The Underground Railroad: In the Ohio River Valley
What parents need to know
Parents Need to Know
Parents need to know that The Underground Railroad: In the Ohio River Valley is an educational game meant to give kids an idea of the dangers faced by American slaves of the 1820s through the 1850s as they tried to escape northward to freedom. These dangers are depicted in vague detail. Dialogue boxes discuss chained marches and dying from exhaustion, and one old photo shows a slave with a severely scarred back, but that's as far as any depictions of death and violence go. It's suitable for middle school students studying history and social studies.
What kids can learn
Language & Reading
- historical figures
Thinking & Reasoning
Engagement, Approach, Support
Kids may have difficulty getting into this fairly rudimentary game, which has a very basic look and feel and doesn't offer incentives such as scores or statistics.
Learning is integrated into the experience on every screen in the form of informative text, authentic images from the era, and the names of real people and places. Emotional outcomes will resonate with kids.
The game's website offers additional material about the era, as well as a complete curriculum that homeschooling parents or teachers might use to dive more deeply into the subject.
What's it about?
Designed in part by students at Ball State University, THE UNDERGROUND RAILROAD: IN THE OHIO RIVER VALLEY is a free educational game for PCs and Macs that depicts the journey of slaves in the southern states to Canada in the 1820s through the 1850s. It begins with a brief description of the setting and situation, then puts players in the role of a slave who must forge a path north through counties and across rivers. Players weigh risks and choose whether to divide their trips into longer or shorter segments through Underground Railroad safe houses. All decisions carry the risk of capture and the possibility of lowering your energy bar, which is meant to represent the fatigue felt by escapees during their flight. There's as much chance that you will be captured and marched back to your master as finding a new life in the North.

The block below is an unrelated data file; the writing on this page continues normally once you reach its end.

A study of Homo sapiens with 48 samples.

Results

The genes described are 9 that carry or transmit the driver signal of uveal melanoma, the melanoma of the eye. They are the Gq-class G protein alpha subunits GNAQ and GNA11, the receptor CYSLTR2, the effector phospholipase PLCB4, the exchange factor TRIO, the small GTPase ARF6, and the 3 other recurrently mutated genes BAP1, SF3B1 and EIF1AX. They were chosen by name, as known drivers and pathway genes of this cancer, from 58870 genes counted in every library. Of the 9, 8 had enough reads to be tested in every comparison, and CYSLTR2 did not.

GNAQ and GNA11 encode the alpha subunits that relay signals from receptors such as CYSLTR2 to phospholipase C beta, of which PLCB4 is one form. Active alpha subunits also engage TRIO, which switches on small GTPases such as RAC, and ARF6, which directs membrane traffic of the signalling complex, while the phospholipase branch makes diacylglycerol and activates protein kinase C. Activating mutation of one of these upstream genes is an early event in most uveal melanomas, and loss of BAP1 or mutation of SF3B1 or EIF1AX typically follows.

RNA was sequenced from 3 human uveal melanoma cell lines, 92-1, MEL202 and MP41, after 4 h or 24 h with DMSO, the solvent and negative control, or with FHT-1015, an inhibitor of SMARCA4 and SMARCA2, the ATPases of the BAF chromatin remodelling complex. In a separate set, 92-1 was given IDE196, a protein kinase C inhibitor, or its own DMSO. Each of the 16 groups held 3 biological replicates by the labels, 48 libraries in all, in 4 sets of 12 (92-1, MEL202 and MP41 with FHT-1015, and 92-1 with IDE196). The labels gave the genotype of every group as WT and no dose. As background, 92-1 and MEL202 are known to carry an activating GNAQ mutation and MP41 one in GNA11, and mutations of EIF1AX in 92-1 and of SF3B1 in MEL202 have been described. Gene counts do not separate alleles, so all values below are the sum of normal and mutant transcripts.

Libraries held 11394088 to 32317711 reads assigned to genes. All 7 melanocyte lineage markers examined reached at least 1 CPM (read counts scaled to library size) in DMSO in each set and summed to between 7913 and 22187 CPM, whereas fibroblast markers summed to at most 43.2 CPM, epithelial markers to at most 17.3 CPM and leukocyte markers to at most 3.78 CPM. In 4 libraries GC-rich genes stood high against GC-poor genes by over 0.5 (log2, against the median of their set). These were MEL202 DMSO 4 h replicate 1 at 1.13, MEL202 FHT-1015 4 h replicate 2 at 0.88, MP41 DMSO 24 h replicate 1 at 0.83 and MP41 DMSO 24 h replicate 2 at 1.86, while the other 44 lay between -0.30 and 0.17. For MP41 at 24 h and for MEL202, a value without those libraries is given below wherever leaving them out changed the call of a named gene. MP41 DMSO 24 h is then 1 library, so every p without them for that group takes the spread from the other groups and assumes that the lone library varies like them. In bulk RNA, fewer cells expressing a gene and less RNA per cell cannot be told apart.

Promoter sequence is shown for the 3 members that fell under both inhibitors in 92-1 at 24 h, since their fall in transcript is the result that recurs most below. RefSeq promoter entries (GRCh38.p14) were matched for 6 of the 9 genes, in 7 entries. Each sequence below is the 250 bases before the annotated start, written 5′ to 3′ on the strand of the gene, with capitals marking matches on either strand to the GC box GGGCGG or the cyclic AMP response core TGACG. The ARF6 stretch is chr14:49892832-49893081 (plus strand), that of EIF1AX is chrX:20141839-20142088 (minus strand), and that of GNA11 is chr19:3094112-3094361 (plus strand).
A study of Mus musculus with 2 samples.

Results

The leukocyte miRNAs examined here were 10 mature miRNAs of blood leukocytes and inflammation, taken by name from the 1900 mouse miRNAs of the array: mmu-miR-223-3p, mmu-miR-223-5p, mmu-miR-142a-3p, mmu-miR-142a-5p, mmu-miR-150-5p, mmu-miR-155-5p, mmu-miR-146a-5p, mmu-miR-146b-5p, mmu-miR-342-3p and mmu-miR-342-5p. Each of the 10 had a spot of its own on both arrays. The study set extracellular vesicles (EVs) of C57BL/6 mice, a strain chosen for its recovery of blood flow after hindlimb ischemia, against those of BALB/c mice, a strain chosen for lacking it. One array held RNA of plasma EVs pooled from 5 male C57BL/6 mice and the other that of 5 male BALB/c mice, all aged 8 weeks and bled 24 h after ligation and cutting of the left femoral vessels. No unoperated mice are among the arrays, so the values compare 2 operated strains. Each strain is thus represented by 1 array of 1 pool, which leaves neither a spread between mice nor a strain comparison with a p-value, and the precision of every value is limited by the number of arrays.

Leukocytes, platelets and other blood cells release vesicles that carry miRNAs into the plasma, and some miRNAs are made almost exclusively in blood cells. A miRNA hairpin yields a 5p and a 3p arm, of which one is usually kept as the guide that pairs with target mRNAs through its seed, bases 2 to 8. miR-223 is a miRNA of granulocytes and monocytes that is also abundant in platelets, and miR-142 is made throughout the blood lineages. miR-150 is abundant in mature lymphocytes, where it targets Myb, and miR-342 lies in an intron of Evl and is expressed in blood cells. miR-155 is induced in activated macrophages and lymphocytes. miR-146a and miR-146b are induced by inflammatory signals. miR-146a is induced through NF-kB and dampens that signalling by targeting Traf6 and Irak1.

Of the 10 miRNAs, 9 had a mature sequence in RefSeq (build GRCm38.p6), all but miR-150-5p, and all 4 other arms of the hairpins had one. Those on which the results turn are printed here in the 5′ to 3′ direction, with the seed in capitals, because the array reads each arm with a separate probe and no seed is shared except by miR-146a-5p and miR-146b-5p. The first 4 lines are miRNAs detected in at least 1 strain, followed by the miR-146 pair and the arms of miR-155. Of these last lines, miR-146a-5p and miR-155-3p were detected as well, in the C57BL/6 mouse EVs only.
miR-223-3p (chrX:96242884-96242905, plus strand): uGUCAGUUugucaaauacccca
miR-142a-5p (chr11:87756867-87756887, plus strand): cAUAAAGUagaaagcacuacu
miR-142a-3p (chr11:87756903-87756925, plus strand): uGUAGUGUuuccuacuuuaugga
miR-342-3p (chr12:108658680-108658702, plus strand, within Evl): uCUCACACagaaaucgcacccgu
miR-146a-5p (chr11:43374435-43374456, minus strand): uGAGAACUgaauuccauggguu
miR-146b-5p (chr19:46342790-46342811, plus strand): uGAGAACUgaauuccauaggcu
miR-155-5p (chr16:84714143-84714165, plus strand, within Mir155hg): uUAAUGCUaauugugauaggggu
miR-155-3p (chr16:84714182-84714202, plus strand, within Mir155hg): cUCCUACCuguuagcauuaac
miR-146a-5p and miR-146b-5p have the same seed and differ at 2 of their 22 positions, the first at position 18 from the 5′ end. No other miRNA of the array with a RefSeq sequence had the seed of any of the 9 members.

Is it any good?
The Underground Railroad isn't meant to entertain but instead teach. By using authentic locations, using the names of infamous slave hunters, and describing in each turn the perils faced by the escaping slave, it provides a brief but authentic glimpse into a troubled period of American history. The game lasts only a few minutes but invites repeat plays to see how differently slaves' stories might have ended. You may be caught by a bounty hunter, take up residence in a newly established community of escaped slaves, or join the Union army during the Civil War. Once completed, players will be led through a series of slides that provide a little more information on the political changes that eventually ended slavery. Though it's not designed to be fun, exactly, it's certainly designed to make kids think, although the short duration of the game probably also will leave players a bit bored after they try it once or twice. As a result, The Underground Railroad gets students to think and is a good supplementary tool for a history lesson, but it definitely doesn't stand out on its own.
Families can talk about...
Families can talk about the concept of slavery. Why do you think slave owners thought it was OK to treat people as property? If you were a slave, what would you risk to secure your freedom?
Families also can discuss the Underground Railroad. What sorts of dangers did the people who sheltered slaves and helped them escape face? Would you have had the courage to do what they did?
Do you think you learned about history by playing this game?